East Coast pilot study to explore new way of funding roads

A three-month pilot study has been launched in Delaware to explore using a mileage-based user fee (MBUF) to pay for infrastructure.

The I-95 Corridor Coalition, with Delaware Department of Transportation (DelDOT) as the lead, has launched the study to begin exploring the feasibility of replacing the current fuel tax with an MBUF. The I-95 Corridor Coalition is a partnership of transportation agencies, toll authorities, public safety, and related organizations from the state of Maine to the state of Florida, with affiliate members in Canada.

“The fundamental question we are beginning to address is, as fuel tax revenue declines in the future due to improving efficiency and the growing use of alternative fuel vehicles, how will we pay to maintain and build infrastructure?” said secretary of transportation Jennifer Cohan. “This study is just a first step of many and will help us answer questions about mileage-based user fees and whether this is an alternative worth pursuing further.”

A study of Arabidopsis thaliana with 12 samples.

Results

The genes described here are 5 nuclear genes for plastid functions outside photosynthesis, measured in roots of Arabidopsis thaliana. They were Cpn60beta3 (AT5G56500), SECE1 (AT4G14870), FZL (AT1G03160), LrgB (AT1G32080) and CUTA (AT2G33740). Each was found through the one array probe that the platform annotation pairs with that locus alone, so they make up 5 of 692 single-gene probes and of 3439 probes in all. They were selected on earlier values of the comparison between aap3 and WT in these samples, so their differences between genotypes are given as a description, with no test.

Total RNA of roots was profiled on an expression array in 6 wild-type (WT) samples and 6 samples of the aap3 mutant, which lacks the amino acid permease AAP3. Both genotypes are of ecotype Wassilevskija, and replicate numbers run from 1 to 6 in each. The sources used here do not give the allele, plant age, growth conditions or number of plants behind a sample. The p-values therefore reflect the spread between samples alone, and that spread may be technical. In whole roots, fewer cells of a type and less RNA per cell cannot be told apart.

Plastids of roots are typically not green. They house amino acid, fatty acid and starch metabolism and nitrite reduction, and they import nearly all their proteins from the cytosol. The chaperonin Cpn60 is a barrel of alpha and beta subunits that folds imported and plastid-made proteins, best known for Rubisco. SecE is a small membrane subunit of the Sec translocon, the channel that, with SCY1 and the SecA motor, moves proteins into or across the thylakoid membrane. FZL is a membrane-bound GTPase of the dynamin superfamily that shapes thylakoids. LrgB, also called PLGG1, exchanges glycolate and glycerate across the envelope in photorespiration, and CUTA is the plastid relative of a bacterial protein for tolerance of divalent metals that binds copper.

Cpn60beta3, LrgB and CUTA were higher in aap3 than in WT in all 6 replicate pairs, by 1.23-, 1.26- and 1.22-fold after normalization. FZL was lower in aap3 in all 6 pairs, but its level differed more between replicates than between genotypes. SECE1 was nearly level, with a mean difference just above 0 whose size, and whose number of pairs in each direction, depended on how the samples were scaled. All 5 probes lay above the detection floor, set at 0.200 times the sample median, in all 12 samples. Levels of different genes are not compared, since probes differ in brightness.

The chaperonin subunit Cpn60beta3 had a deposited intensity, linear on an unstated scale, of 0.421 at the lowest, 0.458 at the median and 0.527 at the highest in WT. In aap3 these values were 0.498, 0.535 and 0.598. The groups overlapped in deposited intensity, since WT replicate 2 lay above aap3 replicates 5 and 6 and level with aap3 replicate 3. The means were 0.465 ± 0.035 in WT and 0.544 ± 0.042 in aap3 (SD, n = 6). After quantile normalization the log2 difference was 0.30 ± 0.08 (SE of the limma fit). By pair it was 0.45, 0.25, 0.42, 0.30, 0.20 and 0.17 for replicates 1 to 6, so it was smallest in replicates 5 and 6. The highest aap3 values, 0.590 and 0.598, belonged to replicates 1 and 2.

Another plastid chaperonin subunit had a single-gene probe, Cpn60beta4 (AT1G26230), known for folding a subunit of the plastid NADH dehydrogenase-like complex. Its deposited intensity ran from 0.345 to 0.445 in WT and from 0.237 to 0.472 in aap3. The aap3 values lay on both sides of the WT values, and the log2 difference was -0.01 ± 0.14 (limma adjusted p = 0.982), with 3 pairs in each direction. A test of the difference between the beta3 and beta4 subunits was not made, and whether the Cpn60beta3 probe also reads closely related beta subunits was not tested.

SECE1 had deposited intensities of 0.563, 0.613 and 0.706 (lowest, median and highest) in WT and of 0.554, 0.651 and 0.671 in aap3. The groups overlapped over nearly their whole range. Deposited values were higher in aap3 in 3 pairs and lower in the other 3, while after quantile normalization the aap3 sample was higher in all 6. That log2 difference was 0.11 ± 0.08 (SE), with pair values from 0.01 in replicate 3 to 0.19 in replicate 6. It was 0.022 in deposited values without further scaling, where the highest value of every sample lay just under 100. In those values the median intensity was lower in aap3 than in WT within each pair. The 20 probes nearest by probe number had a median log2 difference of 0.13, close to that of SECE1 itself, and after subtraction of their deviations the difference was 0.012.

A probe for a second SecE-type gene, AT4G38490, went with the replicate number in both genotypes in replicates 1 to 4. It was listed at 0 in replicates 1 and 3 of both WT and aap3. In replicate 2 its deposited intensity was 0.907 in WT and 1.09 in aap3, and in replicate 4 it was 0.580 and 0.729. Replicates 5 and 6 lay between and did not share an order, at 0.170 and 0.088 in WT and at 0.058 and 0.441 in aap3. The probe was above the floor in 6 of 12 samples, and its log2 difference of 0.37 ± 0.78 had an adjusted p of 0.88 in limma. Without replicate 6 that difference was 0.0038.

Phase 1 of the study is a focused pilot in Delaware beginning this week. It involves over 120 participants, including Department of Transportation officials, legislators, members of the media, and other stakeholders and will conclude at the end of July 2018. MBUF pilot programs have taken place in other states such as Oregon, California and Colorado, but DelDOT says that its will be the first to examine the challenges presented by multi-state travel and toll interoperability.

Phase 2 of the study will include a multi-state truck pilot in partnership with a private company to assess the synergy between current reporting requirements on commercial vehicles and MBUF. The pilot is currently scheduled to begin in 2019.

“The majority of the MBUF studies have happened in western states, and this study brings the East Coast perspective and its unique challenges, such as managing out-of-state mileage and synergies with toll authorities,” said Dr Patricia Hendren, executive director of I-95 Corridor Coalition. “While the I-95 Corridor Coalition is neutral regarding MBUF as the ultimate solution for transportation funding, we want to make sure that the voices of citizens along the I-95 corridor are part of the national discussion.”

The Coalition was awarded US$3.1m for a multi-year, two-phase study as part of the US Department of Transportation’s Surface Transportation System Funding Alternatives (STSFA) program. Congress has authorized up to US$95m in federal grants over a five-year period to explore alternative systems of transportation funding. Results from studies across the country will help policy-makers decide on next steps.